Since Joe Biden entered the White House, the diplomacy of the United States has returned to multilateralism from the unilateral stumbles of Donald Trump. Considering China’s high-profile emphasis on the importance of multilateralism, its relations with the U.S. should have seen increasing cooperation on that track. But that has not been the case, in part because of the two governments’ divergent understandings of what multilateralism means.
Chinese and Russian foreign ministers issued their Joint Statement on Certain Issues in Present-Day Global Governance on March 23, pledging to adhere to “the multilateralist principle of openness, equity and non-ideology.” Beijing believes the U.S. is forming small coteries, rather than practicing real multilateralism, and only inclusiveness can guarantee fairness and justice.
The Biden administration is pushing a multilateralism based on shared ideals, paths, like-mindedness, alliances and partnerships. To the United States, only homogeneous countries can ensure the quality and efficiency of multilateralism. The difference in the Chinese and U.S. understandings of multilateralism goes beyond a mere diplomatic practice; it also raises significant theoretical issues.
First, facing great change with the collective rise of emerging economies, the knowledge of multilateralism that originated in the West has appeared increasingly inadequate to explain current realities. The corresponding theories need updating. The postwar successes of the U.S. in multilateralism, from the IMF to GATT to the G7, have all involved multilateral cooperation between homogeneous countries. Although the U.S. led the founding of the United Nations, it has obviously relied more on such multilateral security frameworks as NATO, which features homogeneous countries. Therefore current theories on the efficacy of multilateralism are based on the premise of cooperation by homogeneous countries. During the Cold War, a rapidly rising Japan was once criticized as a heterogeneous country. After its economic bubble burst, Japan was seen as having been assimilated under the G7 framework. Since the beginning of the 21st century, however, the swift rise of such emerging countries as China and India has posed significant challenges for the capacity of homogeneous countries to assimilate multilateralism, which is one reason we hear constant complaints about the international order having been compromised.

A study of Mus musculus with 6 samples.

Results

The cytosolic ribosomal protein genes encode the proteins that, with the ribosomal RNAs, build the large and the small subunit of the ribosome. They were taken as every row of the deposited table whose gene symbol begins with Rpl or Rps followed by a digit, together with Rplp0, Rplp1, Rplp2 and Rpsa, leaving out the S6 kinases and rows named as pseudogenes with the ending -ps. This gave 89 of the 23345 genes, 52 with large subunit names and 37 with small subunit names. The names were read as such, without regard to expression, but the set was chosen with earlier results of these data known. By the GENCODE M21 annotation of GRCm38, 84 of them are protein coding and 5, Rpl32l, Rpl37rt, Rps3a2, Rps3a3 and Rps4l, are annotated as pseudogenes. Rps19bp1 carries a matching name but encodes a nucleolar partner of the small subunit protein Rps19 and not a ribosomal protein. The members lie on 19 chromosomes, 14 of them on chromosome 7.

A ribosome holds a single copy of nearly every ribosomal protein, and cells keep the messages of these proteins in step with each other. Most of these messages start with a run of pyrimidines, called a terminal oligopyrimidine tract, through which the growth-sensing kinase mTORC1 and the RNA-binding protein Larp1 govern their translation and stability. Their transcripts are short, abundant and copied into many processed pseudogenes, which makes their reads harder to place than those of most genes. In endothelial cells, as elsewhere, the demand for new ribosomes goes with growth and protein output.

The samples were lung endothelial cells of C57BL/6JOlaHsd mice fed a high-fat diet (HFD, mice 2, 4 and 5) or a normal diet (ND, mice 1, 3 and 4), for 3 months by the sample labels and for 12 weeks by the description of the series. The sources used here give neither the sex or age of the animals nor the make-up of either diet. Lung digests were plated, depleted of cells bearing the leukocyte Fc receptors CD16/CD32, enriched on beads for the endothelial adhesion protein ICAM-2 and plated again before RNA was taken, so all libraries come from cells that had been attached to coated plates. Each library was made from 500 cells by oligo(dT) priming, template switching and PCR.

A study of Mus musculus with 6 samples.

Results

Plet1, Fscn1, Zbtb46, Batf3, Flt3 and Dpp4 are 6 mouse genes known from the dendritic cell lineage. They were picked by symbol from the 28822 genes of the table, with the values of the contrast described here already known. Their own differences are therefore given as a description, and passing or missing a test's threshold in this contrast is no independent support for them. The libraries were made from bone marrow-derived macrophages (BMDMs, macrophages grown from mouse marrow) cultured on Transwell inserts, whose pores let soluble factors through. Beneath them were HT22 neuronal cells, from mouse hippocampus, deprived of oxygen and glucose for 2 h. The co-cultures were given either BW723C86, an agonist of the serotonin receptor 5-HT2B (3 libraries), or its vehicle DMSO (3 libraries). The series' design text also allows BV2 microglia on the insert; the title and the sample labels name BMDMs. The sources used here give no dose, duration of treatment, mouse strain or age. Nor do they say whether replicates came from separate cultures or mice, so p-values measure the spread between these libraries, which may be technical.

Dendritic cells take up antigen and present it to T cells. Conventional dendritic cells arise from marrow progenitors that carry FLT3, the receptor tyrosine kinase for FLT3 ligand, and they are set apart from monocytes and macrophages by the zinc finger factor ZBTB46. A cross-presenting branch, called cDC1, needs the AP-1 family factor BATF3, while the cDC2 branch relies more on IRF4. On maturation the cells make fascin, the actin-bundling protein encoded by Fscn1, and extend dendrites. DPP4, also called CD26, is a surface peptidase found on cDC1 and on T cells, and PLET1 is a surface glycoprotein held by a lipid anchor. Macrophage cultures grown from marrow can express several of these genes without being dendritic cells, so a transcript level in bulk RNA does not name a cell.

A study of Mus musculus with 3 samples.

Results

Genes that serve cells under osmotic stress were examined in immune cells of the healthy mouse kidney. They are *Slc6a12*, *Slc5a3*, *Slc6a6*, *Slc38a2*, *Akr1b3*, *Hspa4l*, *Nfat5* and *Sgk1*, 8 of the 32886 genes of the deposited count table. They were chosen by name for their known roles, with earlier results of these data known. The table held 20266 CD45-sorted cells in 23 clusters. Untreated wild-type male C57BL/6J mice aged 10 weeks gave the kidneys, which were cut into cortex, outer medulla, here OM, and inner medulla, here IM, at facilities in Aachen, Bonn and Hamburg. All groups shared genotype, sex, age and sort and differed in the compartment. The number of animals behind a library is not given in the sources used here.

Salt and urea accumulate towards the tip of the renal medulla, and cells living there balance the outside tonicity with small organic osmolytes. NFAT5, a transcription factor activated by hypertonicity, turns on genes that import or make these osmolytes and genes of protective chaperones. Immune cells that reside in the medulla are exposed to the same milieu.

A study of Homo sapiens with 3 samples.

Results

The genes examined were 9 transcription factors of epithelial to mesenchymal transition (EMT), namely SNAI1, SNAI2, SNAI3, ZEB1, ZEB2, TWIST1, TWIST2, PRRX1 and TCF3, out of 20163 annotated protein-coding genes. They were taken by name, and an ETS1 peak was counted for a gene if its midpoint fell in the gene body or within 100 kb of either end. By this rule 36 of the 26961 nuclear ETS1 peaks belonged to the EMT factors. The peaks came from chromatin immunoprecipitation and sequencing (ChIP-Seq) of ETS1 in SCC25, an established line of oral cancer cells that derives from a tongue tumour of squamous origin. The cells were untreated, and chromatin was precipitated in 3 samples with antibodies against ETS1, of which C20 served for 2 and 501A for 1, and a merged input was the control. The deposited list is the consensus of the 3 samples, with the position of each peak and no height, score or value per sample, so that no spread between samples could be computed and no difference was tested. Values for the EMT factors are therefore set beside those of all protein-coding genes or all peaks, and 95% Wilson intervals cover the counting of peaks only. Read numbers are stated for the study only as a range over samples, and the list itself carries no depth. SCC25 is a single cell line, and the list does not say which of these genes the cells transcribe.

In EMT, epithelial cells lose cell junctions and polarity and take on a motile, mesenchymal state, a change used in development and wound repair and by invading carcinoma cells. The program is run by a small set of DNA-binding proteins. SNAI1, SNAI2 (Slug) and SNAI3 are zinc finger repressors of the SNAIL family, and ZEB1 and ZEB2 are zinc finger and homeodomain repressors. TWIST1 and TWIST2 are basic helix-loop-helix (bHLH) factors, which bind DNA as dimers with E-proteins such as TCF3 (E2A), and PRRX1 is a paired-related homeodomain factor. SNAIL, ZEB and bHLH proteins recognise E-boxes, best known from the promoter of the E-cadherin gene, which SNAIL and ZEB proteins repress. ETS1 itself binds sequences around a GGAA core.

Second, the problem with the present cognitive framework of multilateralism based on homogeneous nations lies in its simplistic approach of classifying countries into status quo and revisionist categories. This perception proceeds from the idea that the potential conflicts in international relations derive from the contradiction that dominant nations want to preserve the existing international order, while rising nations want to revise and change it. From the perspective of dominant nations, the solution to the contradiction is to find ways to make rising nations homogeneous, reducing their heterogeneousness to make them more like the dominant nations. In this way, multilateral cooperation would have better quality and efficiency, the present international order would be more stable and the world would achieve peace and prosperity.
The trouble is that differences are universal in a diverse world, and the pursuit of absolute homogeneity may easily lead to conflicts. There were plenty of historical examples of rising nations being taken as heretics. Britain considered a rising Germany as a heterogeneous country in the 19th century. The post-Meiji Restoration Japan was a primary victim of “yellow peril” theories in the beginning of the 20th century. The preset black-or-white cognitive framework of multilateralism that divides countries into order-preserving and revisionist categories is evidently out of sync with today’s collective rise of a great number of emerging economies.
Third, the process of homogenization of actors in multilateral cooperation is one of two-way tolerance and mutual adaptation. Of course the cooperation of homogeneous countries can raise the efficiency of multilateralism, because diversity and differences make it difficult to reach consensuses. From this perspective, some degree of homogeneity is an inevitable outcome if mankind wants to achieve peace, prosperity and co-existence.
If the aforementioned pursuit of complete homogeneity in internal governance structure and systems of values is unrealistic, there is another idea to realize multilateral cooperation: forcing rising countries to adapt to the existing international order by means of institutions. The cognitive premise is the belief that countries have to be rational actors in order to survive in an international system without a world government. Therefore, as long as powerful rules and institutions make them feel there is no alternative, they will choose to obey and adapt because the cost will be higher otherwise.
It is precisely because of such logic that the U.S. has often emphasized in policy statements regarding China and Russia that it must fight against behavior that undermines the rules-based international order.
The contradictions between the perceptions of fairness and efficiency, as well as of homogeneity and heterogeneity, always exist. The only way out is when dominant and rising countries influence each other, compromise with each other and consult with each other.